Despite a lack of experience, expectations are high for the Columbia College basketball program.
In preseason polls of league coaches, the men’s and women’s teams are selected as favorites to win American Midwest Conference titles.
A new outlook for the women's team
The women’s team, entering its third year, has four returning players and Tiffany Foote and Lisa Kowalewski had extensive playing time last year. Forwards Mindy Mitchem and Tilly Payne injured their knees, which sidelined them for much of last season.
“They’re already showing everyone that they’re back and they make a big difference on the court,” Kowalewski said.
With seven freshmen, the Cougars have added height. Ursulla Jose, a forward from Rio de Janeiro, Brazil, is 6 feet 3. Forward Rachel Davis is 6-1, and LeeAnn Fossum and Jenny Schreiman are 6-0.
“We’re going to look a bit different this year,” coach Mike Davis said. “We’re longer and we’re taller.”
The Cougars head into the season ranked 22nd in the NAIA. Last year, they went to the NAIA National Tournament but lost to Central State (Ohio) in the first round and finished 25-9.
“We have two goals this year,” Davis said. “No. 1, we’d like to get (to the NAIA National Tournament), and No. 2, we’d like to stay there. We’d like to make our reservations for more than a couple of days.”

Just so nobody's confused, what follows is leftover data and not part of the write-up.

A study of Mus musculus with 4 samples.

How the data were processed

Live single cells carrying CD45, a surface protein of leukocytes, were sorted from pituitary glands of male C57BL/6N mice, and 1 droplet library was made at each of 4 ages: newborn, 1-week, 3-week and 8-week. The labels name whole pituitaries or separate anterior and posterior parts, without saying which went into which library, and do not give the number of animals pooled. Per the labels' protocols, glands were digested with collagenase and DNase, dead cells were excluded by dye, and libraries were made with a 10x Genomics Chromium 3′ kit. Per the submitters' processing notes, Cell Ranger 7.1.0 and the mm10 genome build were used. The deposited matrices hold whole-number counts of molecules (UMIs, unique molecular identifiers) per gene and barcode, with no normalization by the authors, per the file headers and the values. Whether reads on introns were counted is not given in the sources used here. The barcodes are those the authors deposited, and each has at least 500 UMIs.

The men's team begins again
With five returning players for the men’s team, coach Bob Burchard is hesitant to announce comparable goals.
“It’s a major impact,” Burchard said. “Of those five, we only have two with real playing experience. I just think we’re a whole new basketball team.”
Burchard described watching his team in its first scrimmage, and then, while making notes for himself, wrote “Forget 26 practices and start over.”
“We’re all mixed up,” he said. “We’ve had to start at the beginning. We have no preconceived ideas of who should be doing what.”
Khamari Ballard, an All-American last year, and Andre Amos return. Amos, who had 154 rebounds and 85 steals last year, recently had the cast removed from his right wrist after undergoing surgery on a broken bone.
“That kind of took him out of the picture for a while,” Burchard said. “But in a positive sense, that made us work more with some of the other guys.”
Last year, the Cougars lost to Wayland Baptist University in the first round of the NAIA Tournament. They finished 25-9 and ranked 13th.
“The only way you can describe where we are is that we’re a work in progress,” Burchard said. “I think it’ll be that for a long time.”